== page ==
What’s the test of a friendship? Sadly, it’s when tough times come calling. Some friends stand by your side; others fade by the wayside.

How do you respond when a friend or family member gets sick, has an accident, requires treatment or rehabilitation, or experiences the death of a loved one?

Do you show up for them?

Many of us want to be there, would like to do all the right, supportive things — but something prevents us. Sure, we can send a card or note, show up for a funeral service, even make a donation. But when the chips are down and we need to stand by a friend and be present, are we?

I’ve been on both sides of the equation. Loss, whether in the form of a death, illness, or disability, is a deeply personal thing, and many relationships simply lack the intimacy to endure it together.

I remember when my husband had surgery for a malignant tumor. I wanted someone to be with me at the hospital, but I was so befuddled I didn’t know who to ask. None of the people I thought of as my closest confidantes offered. Finally, a friend and her husband volunteered. While my husband was being prepped for surgery, the nurse came out and asked me to come back — and included my friends. It was awkward at first, as these friends had not been intimates; but after they'd stood by my side all day long, we became so.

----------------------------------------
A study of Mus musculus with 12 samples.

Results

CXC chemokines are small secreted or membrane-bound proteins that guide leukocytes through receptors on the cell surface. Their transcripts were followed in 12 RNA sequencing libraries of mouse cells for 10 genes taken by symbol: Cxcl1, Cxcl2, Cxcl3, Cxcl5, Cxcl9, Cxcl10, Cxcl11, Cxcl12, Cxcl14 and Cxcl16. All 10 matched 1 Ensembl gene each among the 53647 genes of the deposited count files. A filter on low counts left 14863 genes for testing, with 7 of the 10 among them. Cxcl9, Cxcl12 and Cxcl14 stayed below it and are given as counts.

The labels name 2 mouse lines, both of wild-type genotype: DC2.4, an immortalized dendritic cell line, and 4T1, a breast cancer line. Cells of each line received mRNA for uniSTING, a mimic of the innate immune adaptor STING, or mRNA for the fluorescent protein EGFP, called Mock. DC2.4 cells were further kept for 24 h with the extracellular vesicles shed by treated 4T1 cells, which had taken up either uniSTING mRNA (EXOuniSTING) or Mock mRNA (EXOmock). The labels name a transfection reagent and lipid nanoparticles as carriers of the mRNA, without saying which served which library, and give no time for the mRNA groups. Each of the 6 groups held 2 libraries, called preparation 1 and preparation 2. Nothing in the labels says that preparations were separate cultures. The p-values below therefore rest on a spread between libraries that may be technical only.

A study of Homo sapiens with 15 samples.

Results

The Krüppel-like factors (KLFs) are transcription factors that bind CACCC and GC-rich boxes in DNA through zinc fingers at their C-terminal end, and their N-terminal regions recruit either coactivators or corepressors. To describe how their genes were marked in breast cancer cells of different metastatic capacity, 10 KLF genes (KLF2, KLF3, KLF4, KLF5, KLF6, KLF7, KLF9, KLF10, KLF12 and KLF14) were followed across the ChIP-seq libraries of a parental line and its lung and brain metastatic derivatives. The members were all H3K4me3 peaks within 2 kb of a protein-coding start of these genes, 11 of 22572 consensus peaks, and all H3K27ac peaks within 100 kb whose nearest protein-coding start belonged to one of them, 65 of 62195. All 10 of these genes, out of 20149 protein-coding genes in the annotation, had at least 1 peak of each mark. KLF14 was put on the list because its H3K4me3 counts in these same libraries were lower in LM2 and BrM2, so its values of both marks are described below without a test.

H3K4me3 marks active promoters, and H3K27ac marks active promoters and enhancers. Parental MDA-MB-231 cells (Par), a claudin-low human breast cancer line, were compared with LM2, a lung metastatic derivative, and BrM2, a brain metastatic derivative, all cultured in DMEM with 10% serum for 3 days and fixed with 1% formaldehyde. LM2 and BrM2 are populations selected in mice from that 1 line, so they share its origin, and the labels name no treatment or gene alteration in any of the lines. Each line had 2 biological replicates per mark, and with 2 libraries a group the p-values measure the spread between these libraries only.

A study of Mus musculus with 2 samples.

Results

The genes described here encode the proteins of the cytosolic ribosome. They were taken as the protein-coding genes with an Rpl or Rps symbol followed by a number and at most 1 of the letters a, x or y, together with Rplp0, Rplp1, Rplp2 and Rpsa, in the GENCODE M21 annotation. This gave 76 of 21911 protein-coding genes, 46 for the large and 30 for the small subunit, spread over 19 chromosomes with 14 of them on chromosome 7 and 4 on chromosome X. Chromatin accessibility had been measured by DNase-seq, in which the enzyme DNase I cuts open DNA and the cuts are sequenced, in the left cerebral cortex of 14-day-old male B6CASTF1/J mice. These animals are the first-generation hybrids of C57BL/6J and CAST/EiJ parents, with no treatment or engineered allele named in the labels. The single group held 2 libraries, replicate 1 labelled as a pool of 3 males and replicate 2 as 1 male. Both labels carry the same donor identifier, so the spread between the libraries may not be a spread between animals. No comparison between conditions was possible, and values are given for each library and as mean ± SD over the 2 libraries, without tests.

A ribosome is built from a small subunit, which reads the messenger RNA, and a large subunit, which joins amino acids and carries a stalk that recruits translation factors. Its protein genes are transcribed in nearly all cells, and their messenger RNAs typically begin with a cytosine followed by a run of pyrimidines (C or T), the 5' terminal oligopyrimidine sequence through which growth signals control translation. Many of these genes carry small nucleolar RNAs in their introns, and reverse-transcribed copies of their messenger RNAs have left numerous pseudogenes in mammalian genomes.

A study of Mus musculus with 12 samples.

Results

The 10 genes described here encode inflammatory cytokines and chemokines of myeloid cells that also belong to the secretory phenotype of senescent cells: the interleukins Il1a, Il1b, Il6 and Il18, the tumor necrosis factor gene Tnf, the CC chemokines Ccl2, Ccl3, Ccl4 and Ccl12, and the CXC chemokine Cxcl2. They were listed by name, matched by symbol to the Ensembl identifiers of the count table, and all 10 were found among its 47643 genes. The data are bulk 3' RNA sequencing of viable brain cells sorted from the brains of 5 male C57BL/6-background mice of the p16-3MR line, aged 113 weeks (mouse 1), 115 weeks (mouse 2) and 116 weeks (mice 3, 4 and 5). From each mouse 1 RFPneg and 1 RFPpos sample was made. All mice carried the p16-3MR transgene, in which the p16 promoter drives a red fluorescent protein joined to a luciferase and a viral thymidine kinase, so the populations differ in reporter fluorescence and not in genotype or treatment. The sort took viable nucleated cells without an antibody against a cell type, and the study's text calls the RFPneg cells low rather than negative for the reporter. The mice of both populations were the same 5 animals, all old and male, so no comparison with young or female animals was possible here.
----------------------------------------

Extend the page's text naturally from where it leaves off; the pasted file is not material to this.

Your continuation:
Why is it that some people can rise to the occasion and others cannot?

I’ve learned that there's no rhyme or reason to it. On the one hand, just because someone has gone through a difficult experience themselves doesn’t mean they can help you or anyone else. And then you'll have someone who has never experienced a loss like yours who's nonetheless prepared to step up admirably.

The limits of any relationship is tested with the arrival of tough times. Taking care of someone who's ill or bereaved is difficult, and helping with all the chores that are part of living can be overwhelming. The one thing I have learned is that there are always friends to help — just not necessarily the ones you thought would be there.

So remember this for your own part: The next time you hear bad news, take a step forward. Ask what needs to be done. Then do it.

That’s how you stand by your friends.


Robbie Miller Kaplan is an author who writes from a unique perspective as a mother who has lost two children. She has written "How to Say It When You Don't Know What to Say," a series of guides to help readers communicate effectively when those they care about experience loss, now available as e-books for "Illness & Death," "Suicide," "Miscarriage," "Death of a Child," "Death of a Stillborn or Newborn Baby," "Pet Loss," "Caregiver Responsibilities," "Divorce" and "Job Loss." All titles are in Amazon's Kindle Store.